Mercedes’ controversial secret tyre test at Barcelona has placed the team in a tight spot as it stands to face heavy sanctions should the German manufacturer be found guilty of breach of regulations.
In the week following the Spanish Grand Prix earlier this month, Mercedes carried out a test at the Catalunya circuit with tyre supplier Pirelli, which caught its rivals unaware.
Once the secret was spilled during the Monaco GP weekend, Red Bull and Ferrari launched a protest against the “underhand” tactics reasoning that Mercedes had carried out in-season testing, which has been banned according to regulations.
Mercedes argued that the test was no secret and that motorsport’s governing body was informed.
"Nothing was secret. We didn't Twitter. Should we have?" Mercedes motorsport boss Toto Wolff was quoted saying by Reuters.
Pirelli reasoned that its contract stipulates that it is allowed to conduct 1000kms of testing with a ‘representative’ car.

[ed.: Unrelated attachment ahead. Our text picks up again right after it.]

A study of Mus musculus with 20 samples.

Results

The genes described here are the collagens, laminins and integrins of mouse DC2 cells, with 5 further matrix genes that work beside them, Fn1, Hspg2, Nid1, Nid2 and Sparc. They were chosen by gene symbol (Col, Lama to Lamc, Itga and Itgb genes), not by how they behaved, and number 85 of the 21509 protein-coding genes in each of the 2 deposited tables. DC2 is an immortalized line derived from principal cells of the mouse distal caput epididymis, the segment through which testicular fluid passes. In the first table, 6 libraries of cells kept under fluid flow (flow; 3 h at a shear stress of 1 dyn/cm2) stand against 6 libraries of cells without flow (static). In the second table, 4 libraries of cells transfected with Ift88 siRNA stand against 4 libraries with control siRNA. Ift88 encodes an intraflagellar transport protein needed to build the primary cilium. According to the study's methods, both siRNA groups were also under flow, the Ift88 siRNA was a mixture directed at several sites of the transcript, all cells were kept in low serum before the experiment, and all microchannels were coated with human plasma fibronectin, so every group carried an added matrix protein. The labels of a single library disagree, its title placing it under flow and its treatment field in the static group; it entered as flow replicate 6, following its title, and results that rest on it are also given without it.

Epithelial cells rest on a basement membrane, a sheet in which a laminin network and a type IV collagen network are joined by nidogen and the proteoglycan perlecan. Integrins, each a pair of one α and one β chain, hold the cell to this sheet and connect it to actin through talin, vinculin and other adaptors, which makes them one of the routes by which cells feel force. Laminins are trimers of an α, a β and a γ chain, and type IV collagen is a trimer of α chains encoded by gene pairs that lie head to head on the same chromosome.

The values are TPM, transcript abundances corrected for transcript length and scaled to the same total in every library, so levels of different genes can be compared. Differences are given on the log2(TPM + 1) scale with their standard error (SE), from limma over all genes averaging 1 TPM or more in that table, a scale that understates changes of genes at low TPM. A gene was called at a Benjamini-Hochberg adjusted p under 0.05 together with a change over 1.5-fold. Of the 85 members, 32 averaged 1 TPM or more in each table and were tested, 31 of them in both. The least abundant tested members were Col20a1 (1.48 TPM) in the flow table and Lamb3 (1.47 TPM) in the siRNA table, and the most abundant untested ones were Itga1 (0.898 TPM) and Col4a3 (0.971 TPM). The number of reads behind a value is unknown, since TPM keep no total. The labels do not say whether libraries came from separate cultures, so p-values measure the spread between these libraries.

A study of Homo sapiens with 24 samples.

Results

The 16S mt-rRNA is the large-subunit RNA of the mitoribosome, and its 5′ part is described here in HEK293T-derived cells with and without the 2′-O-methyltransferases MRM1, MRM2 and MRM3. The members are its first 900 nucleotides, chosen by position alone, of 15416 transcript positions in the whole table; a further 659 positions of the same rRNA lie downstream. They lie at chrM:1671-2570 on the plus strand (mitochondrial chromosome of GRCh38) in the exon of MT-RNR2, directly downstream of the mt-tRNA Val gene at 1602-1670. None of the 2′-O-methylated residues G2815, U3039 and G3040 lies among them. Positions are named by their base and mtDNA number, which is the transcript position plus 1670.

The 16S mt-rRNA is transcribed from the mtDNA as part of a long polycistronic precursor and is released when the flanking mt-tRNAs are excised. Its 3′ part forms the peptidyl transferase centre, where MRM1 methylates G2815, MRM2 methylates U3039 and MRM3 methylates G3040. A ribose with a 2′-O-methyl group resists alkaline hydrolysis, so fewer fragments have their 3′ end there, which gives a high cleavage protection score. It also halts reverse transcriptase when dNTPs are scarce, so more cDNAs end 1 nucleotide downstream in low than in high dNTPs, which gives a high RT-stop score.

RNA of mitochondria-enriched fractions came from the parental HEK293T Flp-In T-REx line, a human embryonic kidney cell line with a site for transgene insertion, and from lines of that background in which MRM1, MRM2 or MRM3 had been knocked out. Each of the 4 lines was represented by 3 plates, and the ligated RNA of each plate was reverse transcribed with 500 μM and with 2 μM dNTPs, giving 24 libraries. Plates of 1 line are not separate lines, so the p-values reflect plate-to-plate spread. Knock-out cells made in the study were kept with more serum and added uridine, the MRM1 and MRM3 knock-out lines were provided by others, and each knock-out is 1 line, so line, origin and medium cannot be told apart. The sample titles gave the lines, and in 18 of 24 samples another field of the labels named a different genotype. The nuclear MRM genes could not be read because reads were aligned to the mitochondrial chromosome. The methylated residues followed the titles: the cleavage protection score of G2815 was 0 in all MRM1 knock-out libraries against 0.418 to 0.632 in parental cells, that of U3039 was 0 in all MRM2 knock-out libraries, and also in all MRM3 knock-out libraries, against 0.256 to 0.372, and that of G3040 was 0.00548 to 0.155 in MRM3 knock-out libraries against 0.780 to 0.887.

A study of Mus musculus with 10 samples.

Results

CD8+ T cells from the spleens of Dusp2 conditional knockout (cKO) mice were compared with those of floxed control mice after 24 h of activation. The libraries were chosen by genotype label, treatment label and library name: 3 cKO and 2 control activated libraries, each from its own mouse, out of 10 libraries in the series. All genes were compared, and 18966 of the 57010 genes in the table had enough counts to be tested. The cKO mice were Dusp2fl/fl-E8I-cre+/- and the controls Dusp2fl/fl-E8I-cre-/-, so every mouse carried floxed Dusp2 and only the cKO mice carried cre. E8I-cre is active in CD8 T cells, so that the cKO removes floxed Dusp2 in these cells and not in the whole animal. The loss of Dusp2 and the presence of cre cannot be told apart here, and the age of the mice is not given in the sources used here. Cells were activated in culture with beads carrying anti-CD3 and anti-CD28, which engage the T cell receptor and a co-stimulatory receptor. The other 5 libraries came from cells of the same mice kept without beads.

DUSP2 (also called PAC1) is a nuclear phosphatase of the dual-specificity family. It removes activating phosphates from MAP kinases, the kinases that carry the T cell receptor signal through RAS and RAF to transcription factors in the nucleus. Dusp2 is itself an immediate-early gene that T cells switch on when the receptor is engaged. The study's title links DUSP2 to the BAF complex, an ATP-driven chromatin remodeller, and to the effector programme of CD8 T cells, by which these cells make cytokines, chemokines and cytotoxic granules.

However, the FIA issued a statement saying that neither was it informed about the test nor were other teams offered an opportunity to participate in it, countering the claims of Mercedes and Pirelli.
"Pirelli's response is that had they publicised the fact then politics would have eventually cancelled an important test for them to sort out the structural issues," former Formula 1 driver Martin Brundle wrote in his column on the Sky Sports website.
The matter is now headed to the International Tribunal.
“Mercedes could now face heavy sanctions,” reported Reuters. “If the Monaco winners are found to have flouted the regulations, they could be stripped of points, fined or even excluded.”
However, rival teams are unsure of what penalties could be imposed, should Mercedes be found guilty.
"I do not know what the solution is because there is no precedent," Ferrari team principal Stefano Domenicali told Autosport.